The wave of tidal energy is on the rise with these innovations and projects

The wave of tidal energy is on the rise with these innovations and projects

By Emanuele Quaranta

Oceans cover over two thirds of our planet’s surface. The energy contained in the oceans has tremendous potential, including in the form of waves and tides. These sources have an estimated 337 GW. New technologies and projects represent a significant opportunity for renewable energy development in several countries.

The basics of tidal energy:

Tidal power is created using a head difference between two bodies of water. To create this difference, a wall separates the two water bodies. As the tide flows in or out, the wall blocks the flow of the tide and generates this head difference. When the head difference has reached the optimum design level, the water is forced to pass through holes in the wall, where turbines are placed to generate power. Since two tidal cycles occur per day, this head difference develops four times each day (in one cycle, the tide comes in and out).

Turbines convert the water energy into mechanical energy, and then into electricity by means of an electric generator as seen in the video below.

Since tidal head differences generally measure a few meters, typical turbines include water wheels, Archimedes screws and bulb turbines. One other way to generate power from tides uses turbines on the seabed, driven by the kinetic energy of the moving tidal flow, similar to wind turbines in airflows.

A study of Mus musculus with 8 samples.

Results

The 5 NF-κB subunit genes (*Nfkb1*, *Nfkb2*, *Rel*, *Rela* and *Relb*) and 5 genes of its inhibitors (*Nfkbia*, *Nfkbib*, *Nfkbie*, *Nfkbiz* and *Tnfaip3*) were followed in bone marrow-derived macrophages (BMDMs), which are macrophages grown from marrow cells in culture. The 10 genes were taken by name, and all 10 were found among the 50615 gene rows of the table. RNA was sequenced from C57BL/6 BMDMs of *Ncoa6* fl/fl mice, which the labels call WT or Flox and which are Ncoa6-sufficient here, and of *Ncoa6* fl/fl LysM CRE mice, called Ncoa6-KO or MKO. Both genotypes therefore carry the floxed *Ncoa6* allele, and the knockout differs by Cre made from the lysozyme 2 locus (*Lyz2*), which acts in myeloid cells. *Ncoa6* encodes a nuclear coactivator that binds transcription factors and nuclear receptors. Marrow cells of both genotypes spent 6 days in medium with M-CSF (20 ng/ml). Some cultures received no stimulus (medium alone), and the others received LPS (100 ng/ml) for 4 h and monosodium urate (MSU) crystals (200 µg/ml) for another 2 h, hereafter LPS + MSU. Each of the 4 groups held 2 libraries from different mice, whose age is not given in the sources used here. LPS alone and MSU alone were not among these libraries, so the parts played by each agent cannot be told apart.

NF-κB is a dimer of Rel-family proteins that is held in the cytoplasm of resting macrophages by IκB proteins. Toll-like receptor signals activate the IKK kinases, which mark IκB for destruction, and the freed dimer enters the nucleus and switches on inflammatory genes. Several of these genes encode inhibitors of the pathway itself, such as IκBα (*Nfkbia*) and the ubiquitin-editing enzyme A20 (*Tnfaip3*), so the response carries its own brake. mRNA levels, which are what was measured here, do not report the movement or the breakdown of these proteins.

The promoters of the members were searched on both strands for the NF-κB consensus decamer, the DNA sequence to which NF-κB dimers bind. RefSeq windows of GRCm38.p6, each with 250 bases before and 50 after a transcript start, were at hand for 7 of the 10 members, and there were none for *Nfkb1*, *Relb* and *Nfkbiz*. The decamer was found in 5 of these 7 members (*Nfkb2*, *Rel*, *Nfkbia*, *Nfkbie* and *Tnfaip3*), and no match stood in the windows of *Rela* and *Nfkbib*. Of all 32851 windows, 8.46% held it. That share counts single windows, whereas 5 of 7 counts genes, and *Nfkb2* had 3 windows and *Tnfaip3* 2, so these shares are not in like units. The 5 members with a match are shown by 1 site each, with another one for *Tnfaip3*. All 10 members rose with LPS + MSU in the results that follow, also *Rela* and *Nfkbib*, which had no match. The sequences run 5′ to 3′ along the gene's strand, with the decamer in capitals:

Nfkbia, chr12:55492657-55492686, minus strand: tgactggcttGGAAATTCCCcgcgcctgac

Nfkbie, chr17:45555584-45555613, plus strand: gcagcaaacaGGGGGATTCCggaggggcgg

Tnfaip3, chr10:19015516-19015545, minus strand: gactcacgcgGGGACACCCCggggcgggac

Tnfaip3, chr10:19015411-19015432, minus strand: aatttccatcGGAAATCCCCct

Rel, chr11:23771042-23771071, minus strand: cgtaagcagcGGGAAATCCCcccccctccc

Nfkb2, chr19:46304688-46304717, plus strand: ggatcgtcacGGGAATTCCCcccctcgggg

Tidal power projects exist in France, South Korea, Russia, the UK and China, among other places. Research suggests that in the UK over 20% of the national energy demand could be satisfied by exploiting tidal and wave energy sites around the country. Famous tidal power plants include:

  • La Rance in France (240 MW)
  • Lake Sihwa in South Korea (254 MW)
  • Annapolis in Canada (20 MW)
  • Jiangxia in China (3.9 MW)


La Rance tidal plant in France (240 MW). Courtesy of George Aggidis.

The latest projects and innovations in tidal energy:

Tidal energy offers a long-term, predictable form of clean energy. Ongoing projects like the Swansea Bay tidal lagoon in the UK (320 MW) has generated positive interest from local people and government institutions. New tidal projects are under consideration throughout the world, including locations that were until now considered unsuitable. Some tidal plants under construction include the Meygen Tidal Project (398 MW) in the UK, while others are in development in Russia, South Korea, India and the Philippines.

To support these projects, tidal power engineers are refining existing technologies, with a special focus on the improvement of turbines. Modified bulb turbines with an additional set of guide vanes allow better management and control of the flow through the turbine. Bulb turbines can reach very high power output. Two examples include:

  • The 7 meter diameter bulb turbines in the Swansea Bay tidal lagoon that can produce 16 MW.
  • The innovative Straflo turbines can reach values of 20 MW, as in the Annapolis plant.

Archimedes screws could be employed as a fully submerged tidal stream device, or they can be enclosed in a pipe system. Archimedes screws also have the additional advantage of “fish friendliness”. Finally, water wheels under testing use inflow hydraulic structures to better control flow and power.

The future of tidal energy:

In the short term, tidal energy will likely represent a small share of total renewable energy. But these projects and new technologies demonstrate its growing relevance in specific locations, complementing more traditional sources like wind and solar.